If you want to vary your sentence length for interest and colour in your flash fictions, read what David Swann has to say about writing long sentences and the example of a long sentence from the story called ‘Sentence’ in his first prize-winning Novella in Flash, Season of Bright Sorrow available from Ad Hoc Fiction and Amazon. We love the triple meaning of the title ‘Sentence’ in this story. There is literally a long sentence, the character Lana is ‘sentenced’ to live in a dilapidated boarding house and her father is serving a sentence in prison.
The first part of the flash ‘Sentence’ copied below from page 83 of my novella in flash Season of Bright Sorrow is written as one continuous sentence. I enjoy these experiments because they shake me out of old habits, and I like seeing where the sentence carries me. I think there are also long-term benefits, e.g. the elastification of one’s syntax. Usually this device works best when the lone sentence has a character and/or narrative purpose, and isn’t simply showing off! Here, I was trying to give a sense of mounting panic in Lana, so that the form and content were working together. My friend Greg Challis once wrote a hilarious long-sentence flash that was powered by the pomposity of the treasurer of a working man’s club who was offering increasingly ridiculous explanations for some missing funds.
Yawning and rubbing her eyes, Lana stumbled towards the shower, worried as usual that she’d breathe in spores from the bathroom’s fetid air, worried that the spider may have been forced by some obstacle to hang even closer than usual to the mirror where she brushed her hair and that it would get tangled up with the brush and wriggle into her ear, as a kid at school had claimed was possible, not that you could trus the squirts in her class, most of them as bad as Archie, the stuff they came out with: wild boasts and bare-faced lies – for instance, loads more mad stories spouted by the lad who’d invented that nonsense about spiders wriggling into your brain, the same lad who’d claimed that no piece of chewing gum was ever digested by your body, so that all the chewing gum you ever swallowed would still be in your stomach when you died, and if the morticians cut you open with a knife, they’d find it all rolled up together, an entire history of your horrible habits compressed into a solid pink boulder, like the gum they’d discovered inside the life prisoner after he’d snuffed it in his cell of scurvy or something like that, what with the lack of vitamins in him, on account of scoffing junk like chewing gum for twenty years, which, of course, Lana should know all about, her being the daughter of a bloke who was serving a life sentence for…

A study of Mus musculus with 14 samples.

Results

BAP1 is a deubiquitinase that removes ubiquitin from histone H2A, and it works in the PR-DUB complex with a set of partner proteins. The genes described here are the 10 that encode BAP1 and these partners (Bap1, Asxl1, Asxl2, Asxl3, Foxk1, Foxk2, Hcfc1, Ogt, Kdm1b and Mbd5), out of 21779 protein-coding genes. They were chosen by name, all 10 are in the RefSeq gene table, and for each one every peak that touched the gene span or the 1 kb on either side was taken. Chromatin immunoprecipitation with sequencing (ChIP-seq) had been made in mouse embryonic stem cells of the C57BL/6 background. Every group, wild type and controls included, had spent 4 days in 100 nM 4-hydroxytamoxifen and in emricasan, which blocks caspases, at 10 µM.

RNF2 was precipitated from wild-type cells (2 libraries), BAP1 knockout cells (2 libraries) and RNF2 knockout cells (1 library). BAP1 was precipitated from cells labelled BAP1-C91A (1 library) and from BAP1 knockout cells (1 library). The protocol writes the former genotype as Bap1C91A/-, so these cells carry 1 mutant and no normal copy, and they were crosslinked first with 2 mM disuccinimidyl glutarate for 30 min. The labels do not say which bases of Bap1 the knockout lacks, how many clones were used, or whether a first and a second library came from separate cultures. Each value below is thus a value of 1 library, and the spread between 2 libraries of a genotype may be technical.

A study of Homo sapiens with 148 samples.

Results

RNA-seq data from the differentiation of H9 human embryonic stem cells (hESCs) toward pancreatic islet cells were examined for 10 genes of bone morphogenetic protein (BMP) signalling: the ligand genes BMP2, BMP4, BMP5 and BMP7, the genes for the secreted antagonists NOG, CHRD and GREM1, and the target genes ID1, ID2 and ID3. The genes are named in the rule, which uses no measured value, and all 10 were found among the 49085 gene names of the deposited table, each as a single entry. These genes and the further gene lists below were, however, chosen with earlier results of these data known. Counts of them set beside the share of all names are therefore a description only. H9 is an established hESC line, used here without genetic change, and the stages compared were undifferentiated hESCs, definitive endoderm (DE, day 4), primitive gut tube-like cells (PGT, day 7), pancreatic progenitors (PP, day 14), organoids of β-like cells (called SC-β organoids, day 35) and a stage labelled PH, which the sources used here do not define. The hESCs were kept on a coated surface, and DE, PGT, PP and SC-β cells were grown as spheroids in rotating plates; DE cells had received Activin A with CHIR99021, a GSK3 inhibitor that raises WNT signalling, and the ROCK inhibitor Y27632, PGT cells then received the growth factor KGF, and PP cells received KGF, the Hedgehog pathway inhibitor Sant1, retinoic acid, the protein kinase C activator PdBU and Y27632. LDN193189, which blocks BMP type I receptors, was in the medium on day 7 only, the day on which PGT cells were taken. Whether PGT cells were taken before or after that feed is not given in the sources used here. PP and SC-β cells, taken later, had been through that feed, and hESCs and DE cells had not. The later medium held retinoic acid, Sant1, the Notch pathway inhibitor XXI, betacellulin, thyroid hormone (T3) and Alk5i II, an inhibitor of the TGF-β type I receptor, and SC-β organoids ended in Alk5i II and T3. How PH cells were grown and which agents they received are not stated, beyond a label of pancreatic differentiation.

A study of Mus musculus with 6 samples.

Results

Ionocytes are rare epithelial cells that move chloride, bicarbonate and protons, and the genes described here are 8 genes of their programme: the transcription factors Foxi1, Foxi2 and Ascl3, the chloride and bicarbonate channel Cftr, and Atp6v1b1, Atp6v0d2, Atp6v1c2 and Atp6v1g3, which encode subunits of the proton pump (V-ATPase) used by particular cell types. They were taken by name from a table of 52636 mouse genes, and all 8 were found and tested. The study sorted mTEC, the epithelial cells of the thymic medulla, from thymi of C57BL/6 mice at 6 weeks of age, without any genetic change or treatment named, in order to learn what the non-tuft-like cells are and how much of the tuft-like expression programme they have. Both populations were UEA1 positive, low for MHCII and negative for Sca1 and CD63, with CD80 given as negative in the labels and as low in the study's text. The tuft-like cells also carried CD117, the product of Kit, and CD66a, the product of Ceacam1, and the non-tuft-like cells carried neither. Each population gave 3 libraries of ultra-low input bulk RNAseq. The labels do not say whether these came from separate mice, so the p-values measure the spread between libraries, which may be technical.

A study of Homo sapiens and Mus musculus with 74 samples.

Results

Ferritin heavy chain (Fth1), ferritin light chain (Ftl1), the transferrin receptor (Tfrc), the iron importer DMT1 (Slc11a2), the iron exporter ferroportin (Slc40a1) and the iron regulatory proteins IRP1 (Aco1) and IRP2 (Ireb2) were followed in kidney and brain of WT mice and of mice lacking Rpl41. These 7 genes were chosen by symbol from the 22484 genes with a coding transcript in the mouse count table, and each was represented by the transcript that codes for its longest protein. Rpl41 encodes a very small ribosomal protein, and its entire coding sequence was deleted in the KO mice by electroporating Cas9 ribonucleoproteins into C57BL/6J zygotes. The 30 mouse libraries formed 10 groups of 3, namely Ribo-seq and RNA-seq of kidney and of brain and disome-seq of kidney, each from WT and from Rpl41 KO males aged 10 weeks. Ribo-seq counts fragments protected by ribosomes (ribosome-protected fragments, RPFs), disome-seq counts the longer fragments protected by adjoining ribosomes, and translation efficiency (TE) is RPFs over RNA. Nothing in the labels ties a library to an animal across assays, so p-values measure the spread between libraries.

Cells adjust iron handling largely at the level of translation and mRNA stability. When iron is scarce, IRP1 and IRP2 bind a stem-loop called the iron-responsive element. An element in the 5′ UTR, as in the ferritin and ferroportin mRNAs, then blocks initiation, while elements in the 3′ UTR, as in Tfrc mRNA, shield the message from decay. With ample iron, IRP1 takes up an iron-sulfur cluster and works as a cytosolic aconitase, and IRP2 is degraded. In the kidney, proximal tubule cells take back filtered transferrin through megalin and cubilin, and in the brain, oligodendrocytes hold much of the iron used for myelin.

For Tips on writing long sentences, read this at Copybot
How To Write A Brilliant Long Sentence
The digital age has changed the way we read. We skim copy for important bits of information that cater specifically to our need to know. Being concise and grammatically nuanced, as well as quick and relevant is a challenge.
Another writing tip from David Swann coming next week!